Monday, September 5, 2011

Jumping the Broom

Directed by Salim Akil.
2011. Rated PG-13, 112 minutes.
Paula Patton
Laz Alonso
Angela Bassett
Loretta Devine
Mike Epps
Meagan Good
Tasha Smith
Julie Bowen
Valerie Pettiford
DeRay Davis
Gary Doudan
Romeo Miller
Brian Stokes Mitchell

And the y lived happily ever after. That Jumping the Broom ends this way should not be a surprise. It’s a romantic comedy named after a centuries old wedding tradition. You should already know how it ends. Our main character is food of saying “the details make the person.” So it is in the details where JtB is made or broken. That main character is Sabrina (Patton). Tired of dealing with no-good men, she asks God to send her a soul mate and vows abstinence until He does. Don’t worry, she immediately bumps into Jason (Alonso), who is apparently “the one.” Skip ahead a bit to after what we’re told is “five incredible months” he proposes, she says yes and then the movie starts.

The nuptials are to be held at the mansion of Sabrina’s rich parents on Martha’s Vineyard. Evidently, they’ve been rich a very long time. There is one little detail that makes this movie go. Sabrina has never met Jason’s family. They’re quite the opposite of Sabrina’s folks. Jason’s family are working class people from Brooklyn. Nevermind that no one of them speaks with anything that sounds even remotely like a New York accent. Just know that they are on their way to the Vineyard fro the wedding and Mom, the widowed Mrs. Taylor (Devine) is none too pleased that she’s never met her future daughter-in-law. Rich people interacting with poor people and lots of melodrama ensues.

Details keep flying at us. How well we deal with them will determine whether or not we enjoy it. They come fast and most of them help keep this a fairly light affair, moving us quickly through the near two hour runtime. The problem is after a while there’s so much going on the movie feels cluttered. Most of these strands are amusing but not always necessary. It begins to feel like the wedding episode of a daytime soap opera. Among those things that need to be cut entirely is the language switches. From time to time our wealthy characters will suddenly start speaking French. It’s presented like its just something sophisticated rich folks do. Maybe, but it comes across as strange and certainly isn’t needed to provide us with a clear distinction between the classes. The rest of the movie does a perfectly fine job establishing this.

Still, there is another detail that could stand some fleshing out. It’s really just one line of dialogue, but its drawn from history and transcends the movie. However, it may do so in a disasterous manner. In a spiteful retort to Mrs. Taylor, Mrs. Watson (Bassett) proclaims her family once owned slaves. Yes, there really were blacks that owned slaves. Most often, they purchased them as a way to get/keep them from under the thumb of white slaveowners whom, as we know, were harsh taskmasters to understate it by a couple thousands miles. To those not aware of this historical tidbit, Bassett’s line goes far beyond the villainy its trying to assign to her character. It reeks of self-hatred and shows a level of elitism even greater than I think the filmmakers are going for. A thirty second explanation would balance this. Those is charge should never assume their audience is stupid. By the same token they also should assume knowledge of any particular historic fact. This is especially true when the much more widely known and still practiced tradition that the movie is named after is explained in full.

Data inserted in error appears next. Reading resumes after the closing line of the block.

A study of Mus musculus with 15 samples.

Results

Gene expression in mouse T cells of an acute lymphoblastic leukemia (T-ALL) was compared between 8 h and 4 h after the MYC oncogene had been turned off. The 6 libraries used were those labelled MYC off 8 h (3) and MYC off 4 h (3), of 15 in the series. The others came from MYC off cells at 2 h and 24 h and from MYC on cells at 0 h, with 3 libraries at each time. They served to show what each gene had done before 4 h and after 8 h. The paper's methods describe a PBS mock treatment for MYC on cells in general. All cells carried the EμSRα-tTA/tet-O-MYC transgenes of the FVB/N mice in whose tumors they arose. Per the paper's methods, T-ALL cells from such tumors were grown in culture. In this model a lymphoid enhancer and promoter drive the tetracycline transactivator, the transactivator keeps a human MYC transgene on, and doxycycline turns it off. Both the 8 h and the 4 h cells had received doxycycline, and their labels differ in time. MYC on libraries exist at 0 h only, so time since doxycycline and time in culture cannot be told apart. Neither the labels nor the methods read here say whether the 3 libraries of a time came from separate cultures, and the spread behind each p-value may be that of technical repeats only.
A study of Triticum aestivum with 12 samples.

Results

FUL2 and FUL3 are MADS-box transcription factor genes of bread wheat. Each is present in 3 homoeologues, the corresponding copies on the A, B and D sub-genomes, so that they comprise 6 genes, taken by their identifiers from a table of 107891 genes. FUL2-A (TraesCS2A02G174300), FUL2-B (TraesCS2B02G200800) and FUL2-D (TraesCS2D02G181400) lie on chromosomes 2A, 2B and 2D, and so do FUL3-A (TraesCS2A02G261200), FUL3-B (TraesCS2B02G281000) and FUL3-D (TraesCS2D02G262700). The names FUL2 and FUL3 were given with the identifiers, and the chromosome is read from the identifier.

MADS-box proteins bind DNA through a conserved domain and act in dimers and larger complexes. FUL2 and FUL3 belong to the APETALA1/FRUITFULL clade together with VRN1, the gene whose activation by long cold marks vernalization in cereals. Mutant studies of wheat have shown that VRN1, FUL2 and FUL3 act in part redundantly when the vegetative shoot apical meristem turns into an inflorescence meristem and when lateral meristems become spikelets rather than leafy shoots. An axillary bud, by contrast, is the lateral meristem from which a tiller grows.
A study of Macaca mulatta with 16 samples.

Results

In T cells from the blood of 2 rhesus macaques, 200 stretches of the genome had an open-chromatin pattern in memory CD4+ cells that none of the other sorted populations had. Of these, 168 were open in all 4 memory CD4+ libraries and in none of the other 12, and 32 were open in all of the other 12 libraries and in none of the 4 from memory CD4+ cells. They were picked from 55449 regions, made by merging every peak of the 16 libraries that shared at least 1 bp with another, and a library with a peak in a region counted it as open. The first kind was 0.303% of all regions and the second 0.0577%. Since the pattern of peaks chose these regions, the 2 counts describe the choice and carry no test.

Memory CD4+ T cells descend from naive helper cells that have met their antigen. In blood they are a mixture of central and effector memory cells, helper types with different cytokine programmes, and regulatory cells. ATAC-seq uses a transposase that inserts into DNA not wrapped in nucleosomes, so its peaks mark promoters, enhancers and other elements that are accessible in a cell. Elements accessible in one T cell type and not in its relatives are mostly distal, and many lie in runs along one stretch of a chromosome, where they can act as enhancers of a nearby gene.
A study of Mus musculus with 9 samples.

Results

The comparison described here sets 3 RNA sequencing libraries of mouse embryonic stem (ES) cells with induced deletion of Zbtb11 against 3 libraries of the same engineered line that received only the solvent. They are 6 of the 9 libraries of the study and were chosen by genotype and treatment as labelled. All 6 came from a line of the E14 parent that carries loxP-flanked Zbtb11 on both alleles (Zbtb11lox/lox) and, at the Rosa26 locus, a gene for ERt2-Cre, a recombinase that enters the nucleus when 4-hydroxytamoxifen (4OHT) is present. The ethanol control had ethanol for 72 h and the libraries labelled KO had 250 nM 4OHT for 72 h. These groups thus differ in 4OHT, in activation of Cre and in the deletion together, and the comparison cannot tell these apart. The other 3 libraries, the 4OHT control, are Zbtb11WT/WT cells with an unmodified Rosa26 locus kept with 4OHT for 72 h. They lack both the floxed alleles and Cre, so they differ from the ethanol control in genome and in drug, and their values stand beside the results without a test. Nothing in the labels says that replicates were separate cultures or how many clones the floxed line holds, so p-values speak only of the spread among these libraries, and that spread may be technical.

That entire previous paragraph might be nit-picking. The more important issues to our enjoyment are the crowded feeling it gives us, as I’ve already mentioned, and the bombardment of clichés we’re hit with. The things that happen in most rom-coms happen here. In addition, it’s also heavily influenced by the Tyler Perry canon. Thankfully, it’s not as loud or outlandish as those films, but the formula of secular humor punctuated by Christian heedings is clearly visible. To this end, it should be noted that Evangelist Bishop T. D. Jakes, who’s made several movies himself, has a small role and is one of the producers.

There are some good things here. As I’ve said, much of it is amusing. It doesn’t often cause uproarious laughter, but there are some chuckles to be had. Our cast is game. The continuous sparring between Angela Bassett and Loretta Devine is enjoyable melodrama. Leads Patton and Alonso acquit themselves well enough and fans of Romeo can rejoice he’s a slightly better actor than his dad (Master P). Admittedly, that last one isn’t saying much but roll with it. In all, it adds up to one big giant package of “meh.”